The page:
Inequality on a global level has risen dramatically this decade with a new report from the Oxfam charity highlighting the changes which make very stark reading.
Eight men now control $US426 billion of wealth, the same as the 3.6 billion people that make up the bottom half of humanity. This is far worse than in 2010, when it took the top 388 to equal the bottom 3.6 billion.
Oxfam’s analysis relied on the 1810 billionaires named in the 2016 Forbes list, who collectively own $US6.5 trillion – as much wealth as the bottom 70 per cent of humanity.
Two Australians are on this list. Gina Rinehart and Harry Triguboff reportedly have a combined wealth of $16.1 billion, which is more than the poorest 20 per cent of Australia.
Oxfam Australia chief executive Dr Helen Szoke said in a statement that the “scale of the global wealth inequality crisis is much, much greater than we had feared”.
“Such an extreme divide between the rich and the rest risks plunging future generations into political instability, undermining our democratic institutions and creating economic upheaval.”
The above chart shows the stark reality that, since the turn of the century, the poorest half of the world’s population has received just 1 per cent of the total increase in global wealth.
In income terms, the poorest 10 per cent globally have seen rises of less than $US3 a year over the last quarter of a century and their rise in daily income amounts to less than one cent over that time.
The rise in inequality is now troubling business elites, with The New Daily reporting that the World Economic Forum’s latest risk report lists income inequality as a major risk factor in global stability.
The WEF’s annual meeting in Davos, Switzerland, kicks off on Tuesday and the organisation recently ran an article on its website promoting the notion of a universal basic income.
Oxfam sees as false the ‘trickle down’ economics theory that says rises in prosperity at the top of the tree find their way to those on the bottom through the effects of high roller spending. “Far from trickling down, income and wealth are instead being sucked up at an alarming rate,” its report observes.
Redistribution through taxation is not happening because sophisticated wealth managers spirit cash offshore to tax havens, eroding the welfare states in developed countries. “One recent estimate is that $7.6 trillion of individual wealth – more than the combined gross domestic product (GDP) of the UK and Germany – is currently held offshore,” Oxfam estimated.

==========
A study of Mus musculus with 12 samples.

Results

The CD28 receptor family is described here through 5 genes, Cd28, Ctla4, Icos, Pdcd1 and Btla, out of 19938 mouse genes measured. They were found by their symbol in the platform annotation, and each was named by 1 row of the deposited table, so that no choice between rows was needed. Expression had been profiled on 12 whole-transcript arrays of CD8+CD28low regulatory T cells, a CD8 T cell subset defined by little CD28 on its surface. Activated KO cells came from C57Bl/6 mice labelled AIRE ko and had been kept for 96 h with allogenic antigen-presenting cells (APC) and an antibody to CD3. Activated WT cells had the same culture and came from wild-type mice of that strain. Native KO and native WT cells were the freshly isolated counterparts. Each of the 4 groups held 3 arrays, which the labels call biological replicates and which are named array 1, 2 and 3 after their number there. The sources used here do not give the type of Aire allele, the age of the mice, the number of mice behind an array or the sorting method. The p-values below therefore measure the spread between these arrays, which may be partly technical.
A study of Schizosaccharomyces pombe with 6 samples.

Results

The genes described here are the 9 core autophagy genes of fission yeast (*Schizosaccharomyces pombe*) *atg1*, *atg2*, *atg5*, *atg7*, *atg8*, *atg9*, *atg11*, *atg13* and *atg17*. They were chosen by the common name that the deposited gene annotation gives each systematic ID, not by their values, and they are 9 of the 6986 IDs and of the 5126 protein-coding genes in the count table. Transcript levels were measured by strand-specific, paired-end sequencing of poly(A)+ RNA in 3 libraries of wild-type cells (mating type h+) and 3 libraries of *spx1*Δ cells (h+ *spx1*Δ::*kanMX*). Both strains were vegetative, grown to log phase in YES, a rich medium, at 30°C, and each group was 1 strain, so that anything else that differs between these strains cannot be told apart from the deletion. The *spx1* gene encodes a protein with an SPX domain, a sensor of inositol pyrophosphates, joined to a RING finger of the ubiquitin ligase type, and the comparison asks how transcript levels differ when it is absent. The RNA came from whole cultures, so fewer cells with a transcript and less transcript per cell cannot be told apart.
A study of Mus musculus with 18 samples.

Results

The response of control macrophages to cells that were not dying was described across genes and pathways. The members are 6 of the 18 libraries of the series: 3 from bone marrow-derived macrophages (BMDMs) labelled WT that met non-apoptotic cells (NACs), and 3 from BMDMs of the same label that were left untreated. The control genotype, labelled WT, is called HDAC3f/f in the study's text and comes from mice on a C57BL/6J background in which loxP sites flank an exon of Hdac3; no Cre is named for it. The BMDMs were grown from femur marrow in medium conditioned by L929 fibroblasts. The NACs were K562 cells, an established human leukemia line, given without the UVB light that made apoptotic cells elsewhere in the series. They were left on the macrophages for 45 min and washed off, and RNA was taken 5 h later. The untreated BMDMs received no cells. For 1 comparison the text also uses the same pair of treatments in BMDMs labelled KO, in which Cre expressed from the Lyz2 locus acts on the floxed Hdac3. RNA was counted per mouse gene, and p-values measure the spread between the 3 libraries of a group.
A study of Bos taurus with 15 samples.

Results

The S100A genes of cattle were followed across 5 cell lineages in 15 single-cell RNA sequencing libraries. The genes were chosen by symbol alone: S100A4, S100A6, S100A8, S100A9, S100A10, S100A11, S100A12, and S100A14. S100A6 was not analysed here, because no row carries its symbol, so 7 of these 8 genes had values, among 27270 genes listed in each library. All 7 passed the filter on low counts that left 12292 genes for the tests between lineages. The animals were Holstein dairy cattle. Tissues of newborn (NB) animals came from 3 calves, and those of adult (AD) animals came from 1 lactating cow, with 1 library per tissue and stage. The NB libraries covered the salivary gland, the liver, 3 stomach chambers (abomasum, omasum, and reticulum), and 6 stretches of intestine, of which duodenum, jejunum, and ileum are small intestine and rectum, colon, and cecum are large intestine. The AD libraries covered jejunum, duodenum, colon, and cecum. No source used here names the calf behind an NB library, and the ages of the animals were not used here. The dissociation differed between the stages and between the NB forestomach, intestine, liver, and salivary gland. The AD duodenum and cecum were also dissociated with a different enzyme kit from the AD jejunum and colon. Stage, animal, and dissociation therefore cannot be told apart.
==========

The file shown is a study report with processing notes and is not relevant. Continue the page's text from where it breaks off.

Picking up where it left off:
Africa alone loses $US14 billion in tax revenues due to the super-rich using tax havens. Oxfam says this would be enough to pay for the healthcare that could save the lives of four million children and employ enough teachers to educate every African child.
Inequality is leading to a new “gilded age” for the super rich, who have grown their wealth by 11 per cent annually in recent years.
“While some billionaires owe their fortunes predominantly to hard work and talent, Oxfam’s analysis of this group finds that one-third of the world’s billionaire wealth is derived from inherited wealth, while 43 per cent can be linked to cronyism,” the report said.
Income inequality presages gender inequality with the International Monetary Fund finding the gender pay gap wider where general inequality is more pronounced.
The rising power of the superrich is matched by corporations and one result is that corporate tax rates are falling all over the world. “This – together with widespread tax dodging – ensures that many corporations are paying minimal tax. Apple allegedly paid 0.005 per cent of tax on its European profits in 2014. Developing countries lose $US100 billion every year to tax dodging,” the report observed.
John Daly, CEO with the Grattan Institute, said Australia had fared reasonably well in income equality levels compared with the US, where income levels for many people have not risen in 30 years.
“In Australia, the top 20 per cent of income earners saw incomes rise 40 per cent in the last 15 years. For the bottom 20 per cent it has been a 30 per cent increase which is significant,” Mr Daly said. The effects of a highly targeted transfers system also enhanced income equality.
Wealth distribution had become less equal in Australia because asset price booms had combined with capital gains, superannuation concessions and negative gearing to build assets of the wealthy, he said.